Day five post-surgery. I ventured out this morning, having aimed all along for Church On Sunday as my first day out. Regardless of my physical condition, I intended to get out of this house and get to church.
Last night, I had second thoughts. This morning, it seemed a wise course to opt for the Westchester Campus. Less people, closer to home, easy to get in and out. True, that – especially when Tony jumped the curb and drove the Suburban right up to the door of the theater.
I stood and sang with the crowd during the first song. Halfway through the second song, I found myself thinking, “Maybe I was a little optimistic about being so completely recovered…” Once we sat down, I was okay, but grappling with a little nausea and icky feelings. The “lift my hands and spin around” did me in.* It was a great service, but when it was all over I wasn’t feeling too great.
So I’m home now, grumpy, parked on the couch. Again. Tony’s off doing All That Needs To Be Done, and here I sit. We had some tense words earlier, because I just don’t know how to let somebody else make decisions and handle things and I’m too controlling and too protective and whatever.
About a week ago, I was longing for a few days like this; time to sit, to think, to regroup. Now I’ve got it, and all I can do is sulk. And feel disappointed in myself.
Wednesday was the first day of Lent. I decided to give up chocolate for the next 40 days, to abstain from something that I crave deeply and seek to fill those cravings with something of a spiritual nature. But people started bringing food over, blessing us with homemade gifts and treats. Of a chocolate nature. Homemade truffles, a huge container of chocolate/Oreo ice cream from Brusters, Rachel Huff’s chocolate eclair dessert…I caved. I dug in. And I’m disappointed in all that I cannot do, which includes the willpower and self-discipline to deny myself the one food ingredient I determined to forsake, in observance of the pivotal sacrifice of the faith I follow.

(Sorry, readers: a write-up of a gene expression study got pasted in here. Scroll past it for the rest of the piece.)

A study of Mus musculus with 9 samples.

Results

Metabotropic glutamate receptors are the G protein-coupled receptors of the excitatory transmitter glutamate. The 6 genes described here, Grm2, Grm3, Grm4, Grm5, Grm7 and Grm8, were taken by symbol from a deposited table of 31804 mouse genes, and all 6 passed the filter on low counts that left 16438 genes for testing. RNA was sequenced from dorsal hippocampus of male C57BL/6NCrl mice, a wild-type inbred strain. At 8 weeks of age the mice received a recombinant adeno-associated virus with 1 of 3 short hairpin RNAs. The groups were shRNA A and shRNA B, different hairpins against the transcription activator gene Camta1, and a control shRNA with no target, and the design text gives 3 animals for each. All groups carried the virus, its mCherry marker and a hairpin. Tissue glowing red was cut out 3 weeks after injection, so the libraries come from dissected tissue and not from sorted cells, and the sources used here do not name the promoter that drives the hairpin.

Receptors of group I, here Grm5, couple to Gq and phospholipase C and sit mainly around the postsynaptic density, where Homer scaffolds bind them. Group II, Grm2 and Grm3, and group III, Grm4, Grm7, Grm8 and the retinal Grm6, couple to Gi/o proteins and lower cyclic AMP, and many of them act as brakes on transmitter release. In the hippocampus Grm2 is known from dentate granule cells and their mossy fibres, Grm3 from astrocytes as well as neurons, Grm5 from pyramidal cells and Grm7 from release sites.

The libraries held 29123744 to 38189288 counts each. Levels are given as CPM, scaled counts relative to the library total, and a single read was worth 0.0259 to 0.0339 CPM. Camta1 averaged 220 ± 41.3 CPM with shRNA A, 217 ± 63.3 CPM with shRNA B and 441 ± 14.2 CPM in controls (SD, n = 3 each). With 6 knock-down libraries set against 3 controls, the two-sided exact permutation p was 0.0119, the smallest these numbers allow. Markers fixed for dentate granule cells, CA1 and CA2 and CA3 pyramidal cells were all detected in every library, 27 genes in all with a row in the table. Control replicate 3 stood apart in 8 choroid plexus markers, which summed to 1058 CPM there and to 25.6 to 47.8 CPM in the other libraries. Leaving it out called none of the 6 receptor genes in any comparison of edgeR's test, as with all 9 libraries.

I am not feeling too good about these things today.
But as I perused some blogs this afternoon, I stumbled upon something that Sammy Williams wrote. He included this excerpt from Frederick Buechner’s Whistling In the Dark, on Lent. I will plaster it here in its entirety, confessing that it smacked me between the eyes. Good for me, perhaps also for you.
Emphasis is mine.
In many cultures there is an ancient custom of giving a tenth of each year’s income to some holy use. For Christians, to observe the forty days of Lent is to do the same thing with roughly a tenth of each year’s days. After being baptized by John in the river Jordan, Jesus went off alone into the wilderness where he spent forty days asking himself the question what it meant to be Jesus. During Lent, Christians are supposed to ask one way or another what it means to be themselves.
If you had to bet everything you have on whether there is a God or whether there isn’t, which side would get your money and why?
When you look at your face in the mirror, what do you see in it that you most like and what do you see in it that you most deplore?
If you had only one last message to leave to the handful of people who are most important to you, what would it be in twenty-five words or less?
Of all the things you have done in your life, which is the one you would most like to undo? Which is the one that makes you the happiest to remember?
Is there any person in the world, or any cause, that, if circumstances called for it, you would be willing to die for?
If this were the last day of your life, what would you do with it?
To hear yourself try to answer questions like these is to begin to hear something not only of who you are but of both what you are becoming and what you are failing to become. It can be a pretty depressing business all in all, but if sackcloth and ashes are at the start of it, something like Easter may be at the end.
I find some relief here; perhaps the question is not so much of self-discipline and willpower, but of a closer look at what it means to be Beth. Rather than define the next 40 days by what it is I can deny, perhaps I can choose what it is I will embrace.
This is a good word, one my mom suggested a few days ago as we talked about the traditional sacrifices of Lent. One worth hearing. One worth putting into practice. Even if I’m stuck at home on the couch on a beautiful sunny day. Maybe that’s my sackcloth and ashes.
*Note: I did not actually lift my hands and spin around. I just sang it.